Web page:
As both a researcher and practitioner of Emotional Intelligence, the inconsistency in terms used to describe this collection of social skills has been a long-time pet peeve. I am a fan and advocate for using EQ, not EI, and here’s why. First let’s define Emotional Intelligence. It’s a form of social intelligence that involves the ability to monitor one’s own and other’s feelings and emotions and use that information to guide one’s thinking and action.
Emotional Intelligence helps us express our emotions, develop and maintain relationships, cope with challenges, and make effective decisions. It has also been proven to be a key driver of job performance, effective leadership, success in life, and our overall well-being – those are pretty lofty attributes!
Emotional Intelligence is different than our IQ and our personality. These 3 together make up who we are, how we express ourselves, and govern our tendencies, characteristics, and preferences.
The abbreviation “IQ” was coined by the German psychologist William Stern, his term for a scoring method for intelligence tests he advocated in a 1912 book. An intelligence quotient (IQ) is a score derived from one of several standardized tests designed to assess human intelligence. We’ve been using the term IQ consistently to describe intellectual intelligence for over a century. We don’t call it “II”, we call it “IQ” as a reference to the standardized score.
Now let’s look at Emotional Intelligence. In 1985, Dr. Reuven Bar-On coined the term “EQ” for emotional quotient, based on the standardized score, just like IQ. In 1990, Drs. Salovey and Mayer expanded Bar-On’s work and first introduced the term “Emotional Intelligence” in several scientific articles. In 1995, Dr. Daniel Goleman expanded on Salovey and Mayer’s work which lead to his groundbreaking book “Emotional Intelligence”, and brought the term to mainstream.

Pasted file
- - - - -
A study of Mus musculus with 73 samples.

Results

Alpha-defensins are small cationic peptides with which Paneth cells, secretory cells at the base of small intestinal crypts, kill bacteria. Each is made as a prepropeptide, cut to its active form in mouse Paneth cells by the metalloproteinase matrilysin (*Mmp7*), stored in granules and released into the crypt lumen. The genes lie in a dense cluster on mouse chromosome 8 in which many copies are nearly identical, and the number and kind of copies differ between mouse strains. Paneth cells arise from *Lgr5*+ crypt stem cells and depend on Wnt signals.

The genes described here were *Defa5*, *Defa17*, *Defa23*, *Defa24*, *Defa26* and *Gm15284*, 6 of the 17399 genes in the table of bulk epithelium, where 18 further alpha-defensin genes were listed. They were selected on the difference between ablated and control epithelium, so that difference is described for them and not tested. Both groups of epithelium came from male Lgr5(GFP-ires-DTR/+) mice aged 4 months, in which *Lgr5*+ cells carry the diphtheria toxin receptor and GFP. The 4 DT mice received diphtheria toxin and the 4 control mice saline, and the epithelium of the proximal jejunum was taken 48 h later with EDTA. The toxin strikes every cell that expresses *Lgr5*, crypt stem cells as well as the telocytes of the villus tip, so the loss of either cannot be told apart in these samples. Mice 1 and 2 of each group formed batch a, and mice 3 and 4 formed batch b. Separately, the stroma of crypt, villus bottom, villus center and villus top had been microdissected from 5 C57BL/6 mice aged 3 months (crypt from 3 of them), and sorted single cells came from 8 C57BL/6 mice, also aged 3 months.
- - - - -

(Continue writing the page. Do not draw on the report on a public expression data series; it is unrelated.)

Today, there are 6 major Emotional Intelligence instruments or assessments. There’s Multi-Health Systems EQ-i 2.0, Mayer-Salovey-Caruso’s MSCEIT, Goleman and Hay Group’s ECI/ESCI, Genos in Australia, 6 Seconds EI Model, and Talent Smart’s EQ Appraisal. Just in the assessment names, there are inconsistencies in the terms. Further, the terms EI and EQ are used interchangeably by these companies in their training, communications and literature. For example, Multi-Health Systems uses EI and EQ about equally, Hay group uses EI primarily, and Talent Smart uses EQ primarily.
EQ and EI have been used interchangeably for the past 30 years to describe Emotional Intelligence, and it causes confusion. For such an important and heavily researched topic, we need consistency from researchers, practitioners, and the community in the term we use to describe it. We don’t call intellectual intelligence “II”, so why would we call emotional intelligence “EI”? It doesn’t make sense. In addition, the standardized quotient scores for both our intellectual and emotional intelligence are called IQ and EQ, respectively.
Therefore, for consistency in describing our two types of intelligence, and for consistency in standardized quotient scores, let’s use the term EQ moving forward in any references to the all important set of social skills we call Emotional Intelligence.
Contact me today to discuss how I can help you improve Emotional Intelligence at both the individual and organizational levels at www.drshawnandrews.com.